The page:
Ray Weamer tells his City National Bank clients that there's a very good reason why an automobile's windshield is a lot bigger than its rear-view mirror.
"You need to be looking ahead for what's happening for your business and what you're looking to do, to take in the big picture," said Weamer, a veteran of the financial services industry, vice president of City National Bank and its resident expert on Small Business Association (SBA) loans. "You want a banker who's looking down the road for you and can spot dangers ahead. So we have experts like myself that understand SBA lending and we really help (clients) find the right loan."
Being a trusted adviser in a relationship-based business is the key to success, according to Weamer, who started his financial services career with The Money Store – arguably the "grandfather" for SBA lending – more than two decades ago. Weamer said that many people have a misconception about what constitutes a "small business."
"I think people think of small business as being 'mom and pop,' but you can have a manufacturer that has 500 employees and they'd be eligible (for an SBA loan), potentially," Weamer explained. "As long as they're not publicly traded, most likely they;'re going to be eligible for some kind of (SBA) financing. Within my segment, within SBA, in California and in San Diego, about 95 percent of the businesses are eligible for SBA, so it's the vast majority of businesses."
Hundreds of businesses representing a broad spectrum of industries – from manufacturing to microbreweries – have been the beneficiaries of Weamer's expertise in navigating the SBA's complex waters. Weamer blends his thorough knowledge of SBA loans with his knowledge of a client's business to tailor unique lending packages.
"You need somebody with experience, really. I always like to say it's kind of like going to the doctor. If you don't have confidence in the diagnosis you're not going to have any confidence in the prescriptions given," said Weamer. "Many, many times, clients will come and they just want to talk about interest rate and interest rate is important, but there's so many other factors to consider when you're talking to somebody about an SBA loan of any type."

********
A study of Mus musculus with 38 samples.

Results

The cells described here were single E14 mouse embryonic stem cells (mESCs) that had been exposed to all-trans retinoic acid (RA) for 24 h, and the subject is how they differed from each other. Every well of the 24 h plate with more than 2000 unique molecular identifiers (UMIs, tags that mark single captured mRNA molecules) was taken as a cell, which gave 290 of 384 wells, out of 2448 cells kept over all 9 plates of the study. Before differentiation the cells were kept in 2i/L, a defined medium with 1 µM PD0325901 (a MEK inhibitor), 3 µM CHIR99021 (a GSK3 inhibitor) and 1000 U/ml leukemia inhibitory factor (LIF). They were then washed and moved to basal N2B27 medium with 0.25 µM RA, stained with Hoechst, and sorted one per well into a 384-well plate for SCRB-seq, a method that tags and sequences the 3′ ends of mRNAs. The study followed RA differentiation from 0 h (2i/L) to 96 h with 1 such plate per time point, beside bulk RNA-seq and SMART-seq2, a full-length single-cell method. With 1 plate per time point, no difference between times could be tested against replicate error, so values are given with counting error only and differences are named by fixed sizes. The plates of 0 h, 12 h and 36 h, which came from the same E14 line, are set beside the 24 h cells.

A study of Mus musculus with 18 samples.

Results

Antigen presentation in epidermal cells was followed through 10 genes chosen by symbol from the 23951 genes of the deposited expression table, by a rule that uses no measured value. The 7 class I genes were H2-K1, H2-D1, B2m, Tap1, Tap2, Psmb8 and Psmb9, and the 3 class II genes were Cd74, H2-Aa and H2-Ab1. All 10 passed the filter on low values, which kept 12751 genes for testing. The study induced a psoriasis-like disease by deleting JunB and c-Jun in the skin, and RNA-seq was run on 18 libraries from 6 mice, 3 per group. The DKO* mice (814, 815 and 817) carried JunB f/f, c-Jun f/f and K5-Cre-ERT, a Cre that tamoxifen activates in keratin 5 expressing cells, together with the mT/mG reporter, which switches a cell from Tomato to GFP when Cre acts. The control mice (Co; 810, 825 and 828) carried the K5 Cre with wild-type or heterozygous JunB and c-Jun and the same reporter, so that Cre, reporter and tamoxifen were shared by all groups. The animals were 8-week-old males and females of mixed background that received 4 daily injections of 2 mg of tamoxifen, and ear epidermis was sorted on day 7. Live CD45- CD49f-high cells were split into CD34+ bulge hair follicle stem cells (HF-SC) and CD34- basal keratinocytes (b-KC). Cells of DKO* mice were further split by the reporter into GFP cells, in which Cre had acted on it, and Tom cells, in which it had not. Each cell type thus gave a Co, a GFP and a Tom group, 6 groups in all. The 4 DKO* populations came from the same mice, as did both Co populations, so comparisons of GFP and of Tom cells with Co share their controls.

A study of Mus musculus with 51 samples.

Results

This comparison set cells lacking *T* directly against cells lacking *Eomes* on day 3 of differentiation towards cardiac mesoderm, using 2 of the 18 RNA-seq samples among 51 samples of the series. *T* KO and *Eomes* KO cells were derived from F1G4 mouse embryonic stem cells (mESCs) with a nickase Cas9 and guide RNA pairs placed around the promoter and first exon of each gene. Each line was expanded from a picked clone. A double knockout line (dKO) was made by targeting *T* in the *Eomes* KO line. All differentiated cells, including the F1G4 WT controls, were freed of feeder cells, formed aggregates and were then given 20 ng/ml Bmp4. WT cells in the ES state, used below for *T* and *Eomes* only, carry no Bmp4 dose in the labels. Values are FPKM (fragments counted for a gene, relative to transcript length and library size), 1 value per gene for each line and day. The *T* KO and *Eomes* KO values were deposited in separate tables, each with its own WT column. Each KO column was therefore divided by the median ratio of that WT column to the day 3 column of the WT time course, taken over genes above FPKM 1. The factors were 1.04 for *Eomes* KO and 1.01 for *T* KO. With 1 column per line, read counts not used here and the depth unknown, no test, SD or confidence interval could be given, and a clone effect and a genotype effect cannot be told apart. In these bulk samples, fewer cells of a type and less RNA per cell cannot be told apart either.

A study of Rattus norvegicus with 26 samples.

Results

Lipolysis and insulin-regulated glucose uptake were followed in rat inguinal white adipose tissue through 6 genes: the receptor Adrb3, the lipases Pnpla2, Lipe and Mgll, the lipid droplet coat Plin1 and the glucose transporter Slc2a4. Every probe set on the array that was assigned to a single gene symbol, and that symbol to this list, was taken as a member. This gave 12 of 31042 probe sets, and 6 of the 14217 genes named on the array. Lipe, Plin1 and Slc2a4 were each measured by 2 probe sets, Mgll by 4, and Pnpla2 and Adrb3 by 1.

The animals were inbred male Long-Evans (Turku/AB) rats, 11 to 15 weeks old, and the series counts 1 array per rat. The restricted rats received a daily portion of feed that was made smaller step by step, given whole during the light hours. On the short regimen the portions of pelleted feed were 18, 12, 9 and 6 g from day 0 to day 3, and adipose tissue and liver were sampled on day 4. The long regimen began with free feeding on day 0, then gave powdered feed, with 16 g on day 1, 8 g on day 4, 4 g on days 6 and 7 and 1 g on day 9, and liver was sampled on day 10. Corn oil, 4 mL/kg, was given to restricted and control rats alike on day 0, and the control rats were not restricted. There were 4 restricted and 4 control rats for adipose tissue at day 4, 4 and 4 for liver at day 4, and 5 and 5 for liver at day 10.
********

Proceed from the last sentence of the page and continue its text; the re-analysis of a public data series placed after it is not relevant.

Weamer typically does not say "no" to his clients. Instead, he creates unique programs to show them what "yes" looks like.
"We recently helped a furniture manufacturer here in the region. They wanted to buy a new building and they were expanding and creating jobs. We structured a very unique loan to purchase the building and we were basically able to structure it so that it ended up being tax-exempt," said Weamer. "That really strengthened the client's relationship with the city, saved them money and, at the end of the day, this company's going to be better off down the road because they got a really unique loan tailored to meet their needs. And it preserved and created jobs for the economy here, so it's really a win-win for everybody."
City National offers 7(a) loans (traditional SBA loans), Express Loans of up to $350,000, the CapLine program (a line of credit up to $5 million), and a 504 loan, which is primarily used for owner-users or businesses that want to buy a building for their business. City National Bank has PLP (Preferred Lender Program) status with the SBA.
"They trust us. It's experience. You have to earn that designation from the SBA," said Weamer, adding that experienced bankers are one of the things that City National apart from its competition.
"That's why I came to this bank," said Weamer, who joined City National about a year-and-a-half ago. "It's the caliber of the bankers that I partner up with on lots of different things – not just loans – to help clients achieve their goals. Bankers have a lot of integrity here. We have a lot of pride. And we really, really value relationships. I think that's important for small businesses."
Weamer noted that a small business can become a big business pretty quickly.
"Microsoft, FedEx, Dell Computer...these were all SBA loans at one point," said Weamer, a huge advocate for small business in San Diego.
"I get to see so many types of businesses. It's really fun to see how many different ways people make money these days. We are seeing renewed confidence (in the local economy). We're blessed to live here in San Diego," said Weamer, a resident since 1960. "It's not the Bay Area or Los Angeles. We really are a small business town, with the exception of maybe Qualcomm. But, that's what San Diego's all about...small business."
Lovitt is a freelance writer based in La Jolla.